An inquest into the murder of a nine-year-old girl in Subukia has dragged on for 17 years.
Linus Ng’ang’a says his daughter, Salome Wanjiku, was defiled and murdered on January 23, 2000.
An inquest into the matter was first opened on February 27, 2001, before the senior resident magistrate at the time, Hellen Wasilwa. This was after the Director of Public Prosecutions dropped murder charges against suspects Joseph Nganga Kamau and Dickson Karemu Maina.
Witnesses told the inquest Salome, who was a pupil at Mumbui Primary School, had gone to fetch water from a nearby stream but never returned home.
“It was January 23, 2000, and Salome was playing with her friends before she went to draw water from the stream and never came back. We searched for her all over the village in vain,” said Gladys Ng’ang’a, the victim’s older sister, in court.
Joseph Nganga, a neighbour, told the court that Salome’s body was found the next day, 50 metres from Kamau’s house.
Samuel Otengwa, an officer then based at Subukia Police Station, said Kamau was arrested for the murder after a blood-stained slipper was found under his bed.
On February 4, 2000, Mr Otengwa said, blood samples from the minor’s body, Kamau and the blood from the slipper were forwarded to the Government for analysis.
Cleopas Otieno, a Government analyst, told the court tests to establish blood groups were inconclusive because police officers had not stored the exhibits properly.
“When I say the blood groupings were inconclusive, I mean the slipper had lost qualities supposed to respond to test chemicals, due to poor storage conditions,” Ojode said.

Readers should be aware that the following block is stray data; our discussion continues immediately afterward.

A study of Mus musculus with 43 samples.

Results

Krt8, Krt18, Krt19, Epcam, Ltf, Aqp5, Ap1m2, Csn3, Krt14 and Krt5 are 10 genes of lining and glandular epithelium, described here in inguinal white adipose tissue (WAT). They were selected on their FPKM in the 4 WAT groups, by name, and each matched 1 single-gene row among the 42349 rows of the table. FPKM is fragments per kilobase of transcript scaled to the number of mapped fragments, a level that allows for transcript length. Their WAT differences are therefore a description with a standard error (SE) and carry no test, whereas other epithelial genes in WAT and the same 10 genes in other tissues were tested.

“There is nothing we can do about that blood stain or slipper even now. The qualities that should respond to the test were destroyed.”
Some are of the opinion that a DNA test would have been more appropriate.
By June 12, 2001, only two witnesses – a doctor and an investigating officer – had not testified.
The inquest was adjourned 23 times and there has been no progress as the prosecution asks for more time to contact two more witnesses.
Dr Vitalis Koguto, who testified on behalf of his colleague, a Dr Vilemba, who conducted a postmortem on the body, appeared in court on April 24, 2003, when he said the minor had several stab wounds on the back.
She also had a cut on the left cheek and her left eye was engorged. She had been defiled and had struggled, Dr Koguto said in a report.
The hearing later stalled and the case file was moved from one magistrate to another.
In 2010, when the prosecution closed its case, Senior Resident Magistrate HM Nyaga reprimanded the police for poor investigations and questioned why the State analyst conducted only blood group tests.
“It’s unfortunate the analyst only carried out blood group tests. The slipper was taken to the police a day after the girl went missing on January 24, 2000. The samples were taken to Government analyst two weeks later,” noted the magistrate.
“The careless manner in which the police handled the case ought to be punished, for their actions and omissions, which has denied the victim’s family justice.”
Nyaga said the Government should conduct DNA tests on the samples to help close the case.
“To clear any suspicions (or confirm them), the samples ought to be taken for DNA testing. The deceased’s family can then be assured of conclusive findings to the identity of the girl’s killer(s),” he said.
After a ruling in 2010, the file was taken to Senior Resident Magistrate Judicaster Nthuku. However, due to what has been termed complacency on the part of police, there has been no further progress.
The hearing is set for March 9 as Salome’s family continues its long wait for justice.